Samsung's Divisions Meet To Discuss Global Strategies For 2016

Yesterday, Samsung invited around five hundred executives from eight of its business divisions to a global strategy meeting. These executives were from its ten regional holding, device solutions, consumer, mobile and electronics divisions. The purpose of the meeting is for the business to create the holistic approach of Samsung Electronics' strategies for 2016. Here at the meeting, delegates are discussing current local business conditions and work through ideas for marketing strategies for new products destined to arrive in 2016. We understand that Samsung has already showed an outline of 2016's products and two areas of focus are for the mobile business to business market and mobile System-on-Chips. However, the Samsung Pay mobile cardless payment system and the Tizen OS platform are also areas where the business is seeking to concentrate on.

We have already seen individual Samsung divisions and electronics discussing their plans for 2016, including the launch of a new automotive technology division and how Samsung are planning to release a "bioprocessor" System-on-Chip, which appears to be structured around application processor cores paired up with environment and biometric measuring sensors. These chipset designs are likely to find a home in next generation wearable devices and activity monitors, where their closely integrated design should result in battery life improvements. The next Galaxy S flagship model, the Galaxy S7, is expected to use the Samsung Exynos 8 Octa chipset in at least one market: perhaps Samsung are planning to open up their flagship System-on-Chips to competitors, because to date only a limited number of other manufacturers have used an Exynos chipset in their designs.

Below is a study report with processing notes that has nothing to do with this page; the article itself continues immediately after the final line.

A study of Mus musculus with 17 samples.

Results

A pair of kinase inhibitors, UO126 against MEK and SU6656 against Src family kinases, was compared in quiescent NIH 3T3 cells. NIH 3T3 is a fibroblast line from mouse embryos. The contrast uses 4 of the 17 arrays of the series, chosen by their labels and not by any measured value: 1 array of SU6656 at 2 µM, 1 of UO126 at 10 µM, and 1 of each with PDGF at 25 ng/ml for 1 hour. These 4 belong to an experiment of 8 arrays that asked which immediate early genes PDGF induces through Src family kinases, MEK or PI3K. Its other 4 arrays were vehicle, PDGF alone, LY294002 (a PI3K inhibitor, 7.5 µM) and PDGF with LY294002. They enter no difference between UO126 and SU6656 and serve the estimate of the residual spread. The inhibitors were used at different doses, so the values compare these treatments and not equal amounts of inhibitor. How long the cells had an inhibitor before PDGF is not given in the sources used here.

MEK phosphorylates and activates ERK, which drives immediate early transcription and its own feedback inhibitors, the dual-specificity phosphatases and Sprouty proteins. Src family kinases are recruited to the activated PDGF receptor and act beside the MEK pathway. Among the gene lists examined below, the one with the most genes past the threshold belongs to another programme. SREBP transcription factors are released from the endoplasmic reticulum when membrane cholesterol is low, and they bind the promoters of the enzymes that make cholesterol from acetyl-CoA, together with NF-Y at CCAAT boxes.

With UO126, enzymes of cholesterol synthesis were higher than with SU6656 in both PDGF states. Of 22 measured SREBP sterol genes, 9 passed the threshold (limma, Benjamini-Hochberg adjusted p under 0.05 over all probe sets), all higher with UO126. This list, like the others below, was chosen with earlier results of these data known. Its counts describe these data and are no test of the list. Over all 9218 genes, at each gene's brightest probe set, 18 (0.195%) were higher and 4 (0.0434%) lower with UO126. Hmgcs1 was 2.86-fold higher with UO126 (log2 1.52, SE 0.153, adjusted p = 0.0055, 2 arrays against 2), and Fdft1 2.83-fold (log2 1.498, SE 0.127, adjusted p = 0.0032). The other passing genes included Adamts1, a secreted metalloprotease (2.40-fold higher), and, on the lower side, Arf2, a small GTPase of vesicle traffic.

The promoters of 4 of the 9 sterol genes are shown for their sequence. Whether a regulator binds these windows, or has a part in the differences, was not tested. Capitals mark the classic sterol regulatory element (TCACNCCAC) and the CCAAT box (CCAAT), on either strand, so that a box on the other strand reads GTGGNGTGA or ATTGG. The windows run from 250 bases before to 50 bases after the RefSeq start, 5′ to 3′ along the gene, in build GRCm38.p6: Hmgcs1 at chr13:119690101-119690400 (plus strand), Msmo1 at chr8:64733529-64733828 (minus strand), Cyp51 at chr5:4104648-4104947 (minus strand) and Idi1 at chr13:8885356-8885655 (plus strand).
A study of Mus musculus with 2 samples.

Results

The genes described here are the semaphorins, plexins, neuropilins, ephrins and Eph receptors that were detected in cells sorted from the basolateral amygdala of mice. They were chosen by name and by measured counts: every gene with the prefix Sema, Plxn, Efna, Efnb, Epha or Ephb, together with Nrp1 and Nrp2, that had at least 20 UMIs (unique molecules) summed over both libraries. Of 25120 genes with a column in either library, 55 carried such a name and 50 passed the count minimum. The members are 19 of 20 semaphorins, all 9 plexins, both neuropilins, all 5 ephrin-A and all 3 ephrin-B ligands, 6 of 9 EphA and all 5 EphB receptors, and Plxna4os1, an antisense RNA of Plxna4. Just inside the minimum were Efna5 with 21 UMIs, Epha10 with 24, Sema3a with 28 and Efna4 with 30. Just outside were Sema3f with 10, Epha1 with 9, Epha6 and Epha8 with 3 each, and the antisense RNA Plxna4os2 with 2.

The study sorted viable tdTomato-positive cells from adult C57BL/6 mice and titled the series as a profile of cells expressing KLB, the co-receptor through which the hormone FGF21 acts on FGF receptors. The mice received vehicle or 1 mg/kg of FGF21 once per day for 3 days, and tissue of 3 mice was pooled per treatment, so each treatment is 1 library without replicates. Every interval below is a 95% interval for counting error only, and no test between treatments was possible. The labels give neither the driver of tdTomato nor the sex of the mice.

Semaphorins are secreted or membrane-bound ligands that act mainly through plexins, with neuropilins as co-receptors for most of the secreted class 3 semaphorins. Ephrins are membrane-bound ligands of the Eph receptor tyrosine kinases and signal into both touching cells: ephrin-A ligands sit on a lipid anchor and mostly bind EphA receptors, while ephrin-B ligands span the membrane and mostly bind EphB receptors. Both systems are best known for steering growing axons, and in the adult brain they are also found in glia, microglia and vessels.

Samsung have faced a difficult few years. Some Samsung products have performed exceptionally well, such as the SUHD television set, which is now the world's top selling television for a decade, but some product lines - such as the high end flagship models - have not sold as well as perhaps Samsung hoped for. In the mobile and Android sphere, the business faces stiff competition from the Chinese device manufacturers such as Huawei and Xiaomi, which offer comparable hardware that undercuts on price, and from Apple, which offers comparable hardware with a higher price tag but (arguably) a better image.


David Steele

Senior Staff Writer
I grew up with 8-bit computers and moved into PDAs in my professional life, using a number of devices from early Windows CE clamshells and later. Today, my main devices are a Nexus 5X, a Sony Xperia Z Tablet and a coffee cup.